There are lots of hints in the biblical book that bears his name that Nehemiah was a person who lived with an ongoing awareness of the presence of the Lord, and who highly valued the importance of communion with God.
This post is for people who are praying seriously about the possibility of serving overseas in long-term cross-cultural missions. It may help you assess where you presently stand in terms of “readiness” for such a ministry assignment.
Two-thirds of everyone who has written about what makes churches grow agree on just six factors. What are those factors? Here are the consensus factors that are found in growing churches in North America.
A search of the Internet will reveal several different kite parables. I’d like to suggest a different kite parable, one that is more in keeping with Christian orthodoxy. My parable focuses on the kite itself as the gospel of salvation through faith in Christ alone, but not a faith that is alone.
As we again engage in the narrative, it is obvious that cooperation by all the residents is crucial. This challenge brings out yet another quality of Nehemiah’s heart: He wisely recruited other leaders in his quest to rebuild the walls for his people.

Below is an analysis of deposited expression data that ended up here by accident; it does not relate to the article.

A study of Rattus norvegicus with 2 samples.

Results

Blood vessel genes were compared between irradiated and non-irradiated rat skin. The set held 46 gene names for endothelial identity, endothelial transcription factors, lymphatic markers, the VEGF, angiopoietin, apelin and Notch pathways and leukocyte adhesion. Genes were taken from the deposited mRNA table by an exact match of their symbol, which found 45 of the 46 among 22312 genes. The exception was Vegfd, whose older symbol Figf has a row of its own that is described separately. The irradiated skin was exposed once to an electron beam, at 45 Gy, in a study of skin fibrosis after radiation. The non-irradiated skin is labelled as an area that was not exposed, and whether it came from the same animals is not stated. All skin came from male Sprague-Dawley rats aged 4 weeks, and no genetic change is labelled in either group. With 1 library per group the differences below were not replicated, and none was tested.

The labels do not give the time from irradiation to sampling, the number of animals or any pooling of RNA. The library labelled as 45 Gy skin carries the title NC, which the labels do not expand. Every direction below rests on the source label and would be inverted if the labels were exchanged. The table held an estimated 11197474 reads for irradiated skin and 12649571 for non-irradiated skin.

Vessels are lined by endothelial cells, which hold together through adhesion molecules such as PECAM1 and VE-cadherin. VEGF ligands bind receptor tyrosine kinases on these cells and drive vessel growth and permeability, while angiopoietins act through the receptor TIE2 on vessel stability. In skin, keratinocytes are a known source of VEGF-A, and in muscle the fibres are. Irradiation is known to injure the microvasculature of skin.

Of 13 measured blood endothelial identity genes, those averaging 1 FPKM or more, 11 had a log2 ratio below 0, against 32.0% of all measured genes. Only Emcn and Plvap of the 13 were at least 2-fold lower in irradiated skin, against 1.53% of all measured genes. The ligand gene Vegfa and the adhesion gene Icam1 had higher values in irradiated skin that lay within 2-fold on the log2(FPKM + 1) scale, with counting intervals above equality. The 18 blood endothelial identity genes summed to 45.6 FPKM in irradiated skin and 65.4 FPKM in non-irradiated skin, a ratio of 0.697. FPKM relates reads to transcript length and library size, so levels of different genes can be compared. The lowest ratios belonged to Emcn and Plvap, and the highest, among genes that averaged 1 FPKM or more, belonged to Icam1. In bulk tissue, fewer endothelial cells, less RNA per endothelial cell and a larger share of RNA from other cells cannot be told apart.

When listing great leaders, we think of Nehemiah, the man who rebuilt the walls of Jerusalem during the time of the great Persian Empire. Many books have been written about his skillful handling of a desperate situation. But I’d like us to look at his heart as he expertly leads.
I believe that when we pray with our children, our children learn about our relationship with the Lord and what we believe about God. Let’s look at three things we teach our children when they listen to us pray.
One of the exercises I have my spiritual formation students do is a prayer exercise in which they are to spend 30 minutes in prayer however they wish, but with one specific instruction – they are not supposed to ask for anything, for themselves or anyone else.